Caveat Vendor

Social Media Site Posts Safe from Criminal Defendants’ Pre-Trial Subpoenas, Says a California Appellate Court

by Mary-Elizabeth M. Hadley on Sep 16, 2015
In a decision last week, a California appeals court directed the trial court to quash Defendants’ subpoenas for public and private content from the Facebook, Instagram and Twitter accounts of the murder victim and a witness, rejecting the argument that the Stored Communication Act (“SCA”) violated Defendants’ constitutional rights.

Third Circuit Upholds FTC’s Authority to Regulate Cybersecurity “Unfairness”

by Mary-Elizabeth M. Hadley on Sep 02, 2015
In a much-anticipated decision last week, the U.S. Court of Appeals for the Third Circuit affirmed the authority of the Federal Trade Commission (“FTC” or the “Commission”) to regulate cybersecurity under the unfairness prong of Section 5 of the FTC Act.

Three Lessons Learned from a Data Breach Investigation

by Behnam Dayanim and Mary-Elizabeth M. Hadley on Sep 01, 2015
As the number of data breaches continues to increase, so does the vigilance of regulatory authorities in investigating such incidents.

Wave of FTC Safe Harbor Enforcement Continues with 13 Proposed Settlements

by Mary-Elizabeth M. Hadley on Aug 19, 2015
The Federal Trade Commission (“FTC”) continued its recent, high-profile efforts to demonstrate vigilance in its enforcement of the U.S.-EU and U.S.-Swiss Safe Harbor Frameworks with the announcement earlier this week that it had reached proposed settlements with 13 companies.

A Circuit Split Emerges: At Least for Now, the Protection Afforded to Cell Location Information Depends on Where You Are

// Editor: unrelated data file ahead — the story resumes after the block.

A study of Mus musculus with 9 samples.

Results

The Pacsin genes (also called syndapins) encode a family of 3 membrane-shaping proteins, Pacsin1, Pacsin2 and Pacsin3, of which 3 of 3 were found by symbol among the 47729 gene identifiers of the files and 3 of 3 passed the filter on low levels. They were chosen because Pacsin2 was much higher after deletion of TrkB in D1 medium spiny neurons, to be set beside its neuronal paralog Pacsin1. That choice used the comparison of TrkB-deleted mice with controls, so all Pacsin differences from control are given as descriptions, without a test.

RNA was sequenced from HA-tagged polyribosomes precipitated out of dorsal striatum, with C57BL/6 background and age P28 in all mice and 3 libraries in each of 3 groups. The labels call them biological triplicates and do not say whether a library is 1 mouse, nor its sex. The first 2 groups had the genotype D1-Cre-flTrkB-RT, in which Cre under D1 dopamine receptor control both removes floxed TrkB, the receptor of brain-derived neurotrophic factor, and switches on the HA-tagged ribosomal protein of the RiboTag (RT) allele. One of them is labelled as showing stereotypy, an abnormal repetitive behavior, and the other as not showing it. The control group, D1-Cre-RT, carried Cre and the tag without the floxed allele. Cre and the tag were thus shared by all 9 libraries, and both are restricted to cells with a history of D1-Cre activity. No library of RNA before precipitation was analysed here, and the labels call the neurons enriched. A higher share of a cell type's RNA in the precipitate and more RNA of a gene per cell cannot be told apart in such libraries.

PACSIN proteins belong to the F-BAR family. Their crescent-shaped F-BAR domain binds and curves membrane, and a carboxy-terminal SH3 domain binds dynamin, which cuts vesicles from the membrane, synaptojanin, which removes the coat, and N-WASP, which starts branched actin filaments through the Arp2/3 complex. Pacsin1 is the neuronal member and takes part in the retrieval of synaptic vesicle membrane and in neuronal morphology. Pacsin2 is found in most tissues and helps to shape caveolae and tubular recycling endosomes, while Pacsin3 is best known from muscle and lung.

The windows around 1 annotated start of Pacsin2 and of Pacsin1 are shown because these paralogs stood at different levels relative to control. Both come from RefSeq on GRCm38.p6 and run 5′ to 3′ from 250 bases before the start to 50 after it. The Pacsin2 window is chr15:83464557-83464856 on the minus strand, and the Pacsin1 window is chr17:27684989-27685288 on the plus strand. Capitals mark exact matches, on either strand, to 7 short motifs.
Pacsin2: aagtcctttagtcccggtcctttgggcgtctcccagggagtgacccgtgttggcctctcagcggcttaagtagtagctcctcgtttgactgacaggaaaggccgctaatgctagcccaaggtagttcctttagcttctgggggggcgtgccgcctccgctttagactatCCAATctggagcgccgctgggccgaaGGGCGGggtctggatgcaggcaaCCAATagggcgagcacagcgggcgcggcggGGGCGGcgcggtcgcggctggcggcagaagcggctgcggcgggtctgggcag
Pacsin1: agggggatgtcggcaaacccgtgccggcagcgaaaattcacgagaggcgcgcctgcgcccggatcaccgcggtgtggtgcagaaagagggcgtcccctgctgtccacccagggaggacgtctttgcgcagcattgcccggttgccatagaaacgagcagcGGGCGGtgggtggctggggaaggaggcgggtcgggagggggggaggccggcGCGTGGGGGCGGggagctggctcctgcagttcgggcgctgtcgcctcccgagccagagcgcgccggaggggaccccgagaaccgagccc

by Mary-Elizabeth M. Hadley on Aug 10, 2015
Can the government compel disclosure of historical cell-site location information (“CSLI”) without a warrant? According to the Fourth Circuit, cell phone subscribers possess a reasonable expectation of privacy in such information, and a warrant is required. In contrast, the Eleventh and Fifth Circuits have held that a lower-threshold court order is all that is needed.

FCC and the IoT: What to Watch for This Week

by Adam Reich on Aug 03, 2015
Companies manufacturing “smart” products in the virtually unregulated Internet of Things (“IoT”) space may soon find themselves inviting regulation from the Federal Communications Commission (“FCC”).

Internet of Things: Emerging Legal Landmines

by Adam M. Reich on Jul 31, 2015
Yesterday afternoon, the American Bar Association’s Section of Science & Technology Law (the “SciTech Section”) held a brief meeting to discuss the potential legal issues that may emerge with respect to the Internet of Things (“IoT”). This blog post discusses salient takeaways from the meeting.

Seventh Circuit Expands Standing for Consumers Bringing Suits for Data Breaches

by Kelly Winslow on Jul 27, 2015
This week, the Seventh Circuit held that plaintiffs bringing claims for stolen credit card information have standing to sue to recover fraudulent charges, as well as fraud prevention expenses, resulting from a data breach.

Internet of Things: Continued Regulatory Focus and Consistent Themes, But Not Without Discord

by Mary-Elizabeth M. Hadley on Jun 24, 2015
A program yesterday at Georgetown Law offered a number of governmental and private perspectives on current and future legal trends related to the Internet of Things (“IoT”), i.e., the ability of everyday objects to connect to the Internet and to send and receive data.

California Court of Appeals Fine Tunes the Reach of the Song-Beverly Act

by Thomas Counts and Elizabeth Dorsi on Jun 09, 2015
Last month, the California Court of Appeals issued long-awaited guidance for retailers concerned that the collection of personal information from their in-store customers subjects them to liability under the Song-Beverly Act.